Wednesday, January 30, 2008

ATTACK OF THE MECHANICAL TOYS!

As I've mentioned numerous times in this post, my brother is six and a half years older than I. That meant that his childhood toy references were very different from my own. His early Christmases were filled with the mechanical toys of the 60s, while my own were filled with the action figures of the late 60s and early 70s. He often talked about the guns and rifles and secret agent gadgets that he had, but as far back as I can remember, I don't recall seeing any of those toys in the house. It was as if my brother gave up on toys at an early age.

His friends, on the other hand, still had old toys hanging around their basements and attics, and I loved to sneak a peek at these artifacts of toy past. There were three brothers who lived in a large house behind our own smaller house, and my brother hung out with all three of them since they were pretty close in age (one a little older than Craig, one the same age, and the third a little younger). The youngest brother, Barry, was the most mild mannered and was the only one who actually treated me like a friend rather than a pesky younger brother. Every so often, he'd give me one of the old toys that was lying neglected around their house. This was such a thrill for me because these were not toys I could buy in the store and none of my friends would have anything like them.

One day, I was playing in the alley that divided our house from Barry's house. I saw Craig and Barry walking down the alley toward me, carrying this green thing between them. When they got nearer, I could see that it was a plastic dragon or monster of some kind, like Godzilla.

"Here Neal," Barry said, "this is for you."

My eyes grew big and I stammered and stuttered the usual things like, "Are you kidding me?" and "Is this a joke?" They kept reassuring me that Barry was actually giving it to me to the point where I think Barry was becoming annoyed and was tempted to take it back. Before that could happen, however, I grabbed it and helped them drag it back to my house. It was green with chartreuse legs and a long, pointy tail that wiggled a bit. It clearly was battery powered, but I don't recall ever putting batteries in it. I would just drag it around and growl like I was attacking Tokyo.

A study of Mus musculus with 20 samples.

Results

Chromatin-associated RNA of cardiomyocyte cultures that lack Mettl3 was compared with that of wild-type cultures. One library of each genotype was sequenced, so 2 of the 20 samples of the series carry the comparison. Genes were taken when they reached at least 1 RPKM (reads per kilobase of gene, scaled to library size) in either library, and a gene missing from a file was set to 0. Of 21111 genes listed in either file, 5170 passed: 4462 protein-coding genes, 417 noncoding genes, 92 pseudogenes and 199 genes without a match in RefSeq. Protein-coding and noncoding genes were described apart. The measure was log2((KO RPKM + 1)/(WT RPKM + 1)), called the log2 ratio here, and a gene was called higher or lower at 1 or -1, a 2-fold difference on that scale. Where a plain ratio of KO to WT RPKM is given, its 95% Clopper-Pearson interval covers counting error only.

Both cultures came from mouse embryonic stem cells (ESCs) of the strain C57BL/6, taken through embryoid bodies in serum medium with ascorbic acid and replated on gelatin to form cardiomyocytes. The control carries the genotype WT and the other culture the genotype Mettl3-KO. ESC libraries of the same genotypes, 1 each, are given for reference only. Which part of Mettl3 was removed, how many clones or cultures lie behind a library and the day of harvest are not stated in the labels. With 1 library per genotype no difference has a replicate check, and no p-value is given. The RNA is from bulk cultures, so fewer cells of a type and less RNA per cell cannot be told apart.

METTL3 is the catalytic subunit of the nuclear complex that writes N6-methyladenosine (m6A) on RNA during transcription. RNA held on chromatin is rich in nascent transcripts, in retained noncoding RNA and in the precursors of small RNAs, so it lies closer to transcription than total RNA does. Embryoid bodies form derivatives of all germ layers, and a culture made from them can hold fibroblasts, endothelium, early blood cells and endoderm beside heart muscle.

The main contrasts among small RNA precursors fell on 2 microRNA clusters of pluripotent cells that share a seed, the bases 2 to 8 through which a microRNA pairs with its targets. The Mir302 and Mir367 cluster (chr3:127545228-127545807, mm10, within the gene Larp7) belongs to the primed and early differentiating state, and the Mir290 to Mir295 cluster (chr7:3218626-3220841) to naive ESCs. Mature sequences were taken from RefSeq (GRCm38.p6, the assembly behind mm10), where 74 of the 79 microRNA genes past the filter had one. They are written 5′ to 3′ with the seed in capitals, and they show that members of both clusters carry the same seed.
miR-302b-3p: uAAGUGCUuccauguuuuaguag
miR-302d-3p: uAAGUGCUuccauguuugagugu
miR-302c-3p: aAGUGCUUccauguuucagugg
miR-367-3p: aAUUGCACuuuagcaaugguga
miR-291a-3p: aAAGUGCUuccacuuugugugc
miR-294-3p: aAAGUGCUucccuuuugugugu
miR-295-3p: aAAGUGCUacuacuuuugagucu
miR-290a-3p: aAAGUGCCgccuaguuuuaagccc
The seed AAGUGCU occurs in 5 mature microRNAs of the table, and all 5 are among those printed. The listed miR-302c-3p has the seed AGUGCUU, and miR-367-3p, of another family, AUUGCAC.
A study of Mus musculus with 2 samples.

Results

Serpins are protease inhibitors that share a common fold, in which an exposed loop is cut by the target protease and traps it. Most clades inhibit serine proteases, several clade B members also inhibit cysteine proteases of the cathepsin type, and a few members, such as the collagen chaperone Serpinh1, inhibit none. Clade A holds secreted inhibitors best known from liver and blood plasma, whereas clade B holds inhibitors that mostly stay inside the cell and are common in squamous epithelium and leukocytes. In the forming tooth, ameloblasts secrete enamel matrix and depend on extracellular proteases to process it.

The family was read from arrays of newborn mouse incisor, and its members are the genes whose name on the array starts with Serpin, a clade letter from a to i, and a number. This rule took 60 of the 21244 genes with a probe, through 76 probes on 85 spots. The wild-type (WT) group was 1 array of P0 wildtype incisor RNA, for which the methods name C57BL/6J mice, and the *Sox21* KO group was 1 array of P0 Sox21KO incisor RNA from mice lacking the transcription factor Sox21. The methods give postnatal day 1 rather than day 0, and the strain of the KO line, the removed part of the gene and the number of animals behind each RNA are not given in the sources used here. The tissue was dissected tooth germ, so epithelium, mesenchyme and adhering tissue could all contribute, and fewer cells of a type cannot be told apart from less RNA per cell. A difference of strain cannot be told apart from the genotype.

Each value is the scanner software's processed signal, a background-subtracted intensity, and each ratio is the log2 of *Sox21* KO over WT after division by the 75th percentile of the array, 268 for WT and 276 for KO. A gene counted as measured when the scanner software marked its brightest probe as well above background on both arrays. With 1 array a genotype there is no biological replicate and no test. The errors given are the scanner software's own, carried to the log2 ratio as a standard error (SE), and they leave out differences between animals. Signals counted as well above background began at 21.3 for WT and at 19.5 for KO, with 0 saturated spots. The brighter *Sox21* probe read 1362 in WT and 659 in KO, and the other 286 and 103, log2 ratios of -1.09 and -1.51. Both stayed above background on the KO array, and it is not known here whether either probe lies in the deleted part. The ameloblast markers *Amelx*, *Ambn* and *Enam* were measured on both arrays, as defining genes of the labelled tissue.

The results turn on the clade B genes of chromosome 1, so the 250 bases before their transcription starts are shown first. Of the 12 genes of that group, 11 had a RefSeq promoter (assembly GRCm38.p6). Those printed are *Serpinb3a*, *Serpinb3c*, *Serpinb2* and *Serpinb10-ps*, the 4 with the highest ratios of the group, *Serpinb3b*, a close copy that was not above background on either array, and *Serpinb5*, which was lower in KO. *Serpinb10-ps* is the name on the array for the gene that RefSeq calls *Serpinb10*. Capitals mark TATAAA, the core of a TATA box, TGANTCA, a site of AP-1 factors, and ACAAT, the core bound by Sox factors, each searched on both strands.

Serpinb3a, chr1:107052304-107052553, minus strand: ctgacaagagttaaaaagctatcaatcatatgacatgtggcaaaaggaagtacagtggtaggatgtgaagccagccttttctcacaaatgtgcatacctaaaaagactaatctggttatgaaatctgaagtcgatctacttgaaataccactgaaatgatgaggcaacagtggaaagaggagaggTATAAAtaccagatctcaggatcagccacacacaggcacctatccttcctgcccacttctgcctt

Only recently did I discover that this creature was called King Zor, made by Ideal in the early 60s. From what I can gather, it also came with a dart gun that I never had. The idea was that King Zor would shoot marbles out of its back at you while you tried to stop it by hitting the end of its tail with a dart. Toys with flying projectiles didn't seem to bother parents back then. I didn't experience any of this excitement with my King Zor anyway; I just loved lugging this heavy chunk of plastic around and pretending to menace the world.

I discovered this commercial for King Zor on YouTube. This should provide a good glimpse at how the toy worked:



This was one of the few mechanical toys I ever owned. By the late 60s, the scene had shifted to action figures and items that didn't require so many batteries. I do recall, however, having a couple of those Japanese robots. These clunky metal monstrosities lumbered along while flashing lights and making irritating grinding noises. I believe it was Christmas 1969 when my aunt and uncle gave me a robot known as Super Astronaut. He was a variation on another robot known as Attacking Martian Robot, the gimmick being that after taking a few steps, the robot would stop, open the doors on his chest, project twin machine gun barrels, then fire these machine guns as its torso spun around 360 degrees. Here's a video to show you the robot in action:



At the time, I found the whole display rather horrifying. I had seen enough war movies to know the destructive power of machine guns, and this robot not only had two, he could spray the entire room with bullets without even taking a step. As I played with the robot in my aunt and uncle's living room on that cheery Christmas evening, I could just picture my entire family being mowed down in a blood bath of human carnage. The part that I found especially creepy was that the robot had a human face. This impassive male countenance peered through the glass shield of the robot's head. My five-year-old mind imagined that a person had been imprisoned in this robot body, thus losing all his human compassion, and was coerced by some alien force to annihilate humans indiscriminately.

Needless to say, I didn't play with this toy very much. And I've always been a little curious as to how the grown-ups felt about such toys. I suspect they didn't give it much thought. To them, it was probably just a mechanical toy that moved and lit up and made noise. Nothing too terrifying in that, is there?

3 comments:

Kathy said...

Super Astronaut (Kenny!) reminds me of something out of Doctor Who, a human/robot hybrid created by an evil genius to take over the Earth (or at least Greater London).

Superflash said...

Do you still have the King Zor?

Neal Patterson said...

No Superflash, I'm afraid it didn't last more than a year. In fact, I really don't know what happened to King Zor or so many of my other toys from that era. I suspect my parents either threw them away or gave them to charity when they noticed I wasn't playing with them anymore.